A state intermediate appellate court, applying New York law, has held that settlement payments representing the disgorgement of funds wrongfully obtained does not constitute "loss" under an errors and omissions policy. Vigilant Ins. Co. v. Credit Suisse First Boston Corp., 2004 WL 2066353 (N.Y. Sup. Ct. App. Div. Sept. 16, 2004). The appellate court also held that the insurer was not obliged to reimburse defense costs incurred by the insured in connection with the underlying action. In doing so, the court reasoned that, because the underlying claim was for disgorgement of ill-gotten funds, defense costs for the claim could not be recovered, as they were not incurred in connection with a covered claim.
Credit Suisse First Boston Corp. (CSFB) purchased an E&O policy providing coverage "for any actual or alleged Wrongful Act arising from the rendering of, or the failure to render, services to any client, customer or other person or entity." The policy defined "loss" as "all damages, awards, judgments, settlements, costs and Defense Costs, and shall include, without limitation, pre-judgment interest, post-judgment interest, equitable relief, punitive or exemplary damages, treble or other multiplied damages and the legal expenses of any plaintiff or claimant if the Insured(s) is legally liable for such expenses."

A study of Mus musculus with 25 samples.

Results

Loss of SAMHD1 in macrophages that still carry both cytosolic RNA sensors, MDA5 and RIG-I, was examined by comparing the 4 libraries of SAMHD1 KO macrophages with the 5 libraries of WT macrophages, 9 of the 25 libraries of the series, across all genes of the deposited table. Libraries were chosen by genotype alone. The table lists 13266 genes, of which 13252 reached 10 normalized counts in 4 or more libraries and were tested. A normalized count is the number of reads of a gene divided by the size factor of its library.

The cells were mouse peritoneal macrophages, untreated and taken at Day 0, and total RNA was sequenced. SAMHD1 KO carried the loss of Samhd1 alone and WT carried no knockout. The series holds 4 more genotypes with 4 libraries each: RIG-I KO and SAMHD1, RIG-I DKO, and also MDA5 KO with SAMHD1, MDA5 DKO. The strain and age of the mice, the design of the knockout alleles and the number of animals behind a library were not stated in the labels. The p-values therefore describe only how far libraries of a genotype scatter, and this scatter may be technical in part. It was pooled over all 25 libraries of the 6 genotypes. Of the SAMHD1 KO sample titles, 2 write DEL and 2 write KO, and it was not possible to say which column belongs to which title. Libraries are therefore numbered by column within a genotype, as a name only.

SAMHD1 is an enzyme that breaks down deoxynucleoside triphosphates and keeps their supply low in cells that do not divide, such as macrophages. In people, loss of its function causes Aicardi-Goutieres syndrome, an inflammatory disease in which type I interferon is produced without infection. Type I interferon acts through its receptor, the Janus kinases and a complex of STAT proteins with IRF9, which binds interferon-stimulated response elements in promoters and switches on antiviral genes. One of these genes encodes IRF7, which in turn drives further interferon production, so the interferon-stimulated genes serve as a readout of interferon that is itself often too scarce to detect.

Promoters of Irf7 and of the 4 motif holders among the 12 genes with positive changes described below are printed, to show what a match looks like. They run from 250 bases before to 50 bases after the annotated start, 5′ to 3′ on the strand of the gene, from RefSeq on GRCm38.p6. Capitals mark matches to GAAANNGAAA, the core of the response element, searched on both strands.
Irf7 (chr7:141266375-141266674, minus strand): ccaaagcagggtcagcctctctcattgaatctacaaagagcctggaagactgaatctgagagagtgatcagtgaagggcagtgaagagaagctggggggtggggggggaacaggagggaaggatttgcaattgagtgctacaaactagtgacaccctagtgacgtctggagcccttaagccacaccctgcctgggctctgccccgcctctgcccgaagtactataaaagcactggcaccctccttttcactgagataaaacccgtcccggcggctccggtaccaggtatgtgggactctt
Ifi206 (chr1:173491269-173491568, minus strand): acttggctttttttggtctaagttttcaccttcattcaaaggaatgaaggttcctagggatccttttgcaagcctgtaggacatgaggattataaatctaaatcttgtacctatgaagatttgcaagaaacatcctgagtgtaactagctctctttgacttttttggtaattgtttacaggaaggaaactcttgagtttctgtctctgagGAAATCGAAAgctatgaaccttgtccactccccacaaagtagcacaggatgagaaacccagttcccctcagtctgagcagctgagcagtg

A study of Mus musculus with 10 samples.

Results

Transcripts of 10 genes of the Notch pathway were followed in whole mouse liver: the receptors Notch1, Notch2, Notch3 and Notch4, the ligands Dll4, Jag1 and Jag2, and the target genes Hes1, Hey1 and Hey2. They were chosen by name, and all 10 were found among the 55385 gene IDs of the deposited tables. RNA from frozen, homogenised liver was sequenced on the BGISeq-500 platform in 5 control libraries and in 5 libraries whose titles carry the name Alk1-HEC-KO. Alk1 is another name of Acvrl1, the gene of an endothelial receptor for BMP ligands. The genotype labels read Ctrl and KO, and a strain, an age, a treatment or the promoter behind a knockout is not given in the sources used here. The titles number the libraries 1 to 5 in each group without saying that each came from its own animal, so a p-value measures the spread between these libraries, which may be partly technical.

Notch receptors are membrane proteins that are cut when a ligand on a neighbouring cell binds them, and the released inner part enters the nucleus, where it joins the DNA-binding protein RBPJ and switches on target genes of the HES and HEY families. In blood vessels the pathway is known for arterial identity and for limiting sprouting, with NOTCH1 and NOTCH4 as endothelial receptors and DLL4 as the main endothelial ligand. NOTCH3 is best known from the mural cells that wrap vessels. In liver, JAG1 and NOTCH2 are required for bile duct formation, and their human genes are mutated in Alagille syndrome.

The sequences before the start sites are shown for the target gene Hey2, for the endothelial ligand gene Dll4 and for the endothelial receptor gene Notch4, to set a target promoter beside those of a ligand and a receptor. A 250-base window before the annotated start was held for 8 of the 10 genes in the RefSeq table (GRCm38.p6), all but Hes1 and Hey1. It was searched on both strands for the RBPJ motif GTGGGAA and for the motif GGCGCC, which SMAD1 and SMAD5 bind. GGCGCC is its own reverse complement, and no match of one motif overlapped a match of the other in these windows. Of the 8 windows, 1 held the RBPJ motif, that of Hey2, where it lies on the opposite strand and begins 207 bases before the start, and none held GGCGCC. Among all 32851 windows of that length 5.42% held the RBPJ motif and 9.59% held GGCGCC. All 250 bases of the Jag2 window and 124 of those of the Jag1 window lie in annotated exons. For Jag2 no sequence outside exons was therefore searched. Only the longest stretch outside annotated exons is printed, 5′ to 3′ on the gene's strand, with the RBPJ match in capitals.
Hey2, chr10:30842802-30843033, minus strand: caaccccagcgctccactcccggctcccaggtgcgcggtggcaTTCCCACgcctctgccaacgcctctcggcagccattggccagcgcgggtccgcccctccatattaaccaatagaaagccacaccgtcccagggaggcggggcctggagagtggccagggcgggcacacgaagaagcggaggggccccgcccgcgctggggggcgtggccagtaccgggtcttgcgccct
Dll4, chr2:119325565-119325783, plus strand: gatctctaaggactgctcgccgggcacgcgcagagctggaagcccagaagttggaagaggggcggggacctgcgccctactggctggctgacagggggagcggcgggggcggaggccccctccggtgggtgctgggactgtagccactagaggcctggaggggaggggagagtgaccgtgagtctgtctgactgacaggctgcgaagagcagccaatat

The U.S. Securities and Exchange Commission (SEC) brought a lawsuit against CSFB, alleging that it had unlawfully coerced customers into paying a portion of their profits to CSFB when they "flipped" CSFB-underwritten IPO stock. ("Flipping" refers to purchasing shares in an IPO and then selling the shares in the immediate aftermarket to realize a profit.) CSFB subsequently entered into a settlement with the SEC and other regulators pursuant to which it agreed, among other things, to "pay $70 million, representing disgorgement of monies obtained improperly by CSFB as a result of the conduct alleged in the Complaint." When CSFB sought coverage for the $70 million payment under its E&O policy, the insurer denied.
The intermediate appellate court held that CSFB could not recover the settlement amount from its insurers. In so ruling, the court stated that "[r]estitution of ill-gotten funds does not constitute ‘damages' or a ‘loss' as those terms are used in insurance policies." The court further determined that the "risk of being directed to return improperly acquired funds is not insurable." The court noted that, even though the disgorged funds were based on a settlement, the "final judgment expressly state[d] that the money ordered disgorged was ‘obtained improperly by CSFB as a result of the conduct alleged in the Complaint.'"
With respect to defense costs, the appellate division observed that the "policy defines defense costs as a component of ‘Loss,' which ‘shall not include matters which are uninsurable under the law pursuant to which this coverage section of this policy shall be construed.'" The court reiterated that "restitution of ill-gotten funds is not insurable under the law," and concluded that "defense costs are only recoverable for covered claims."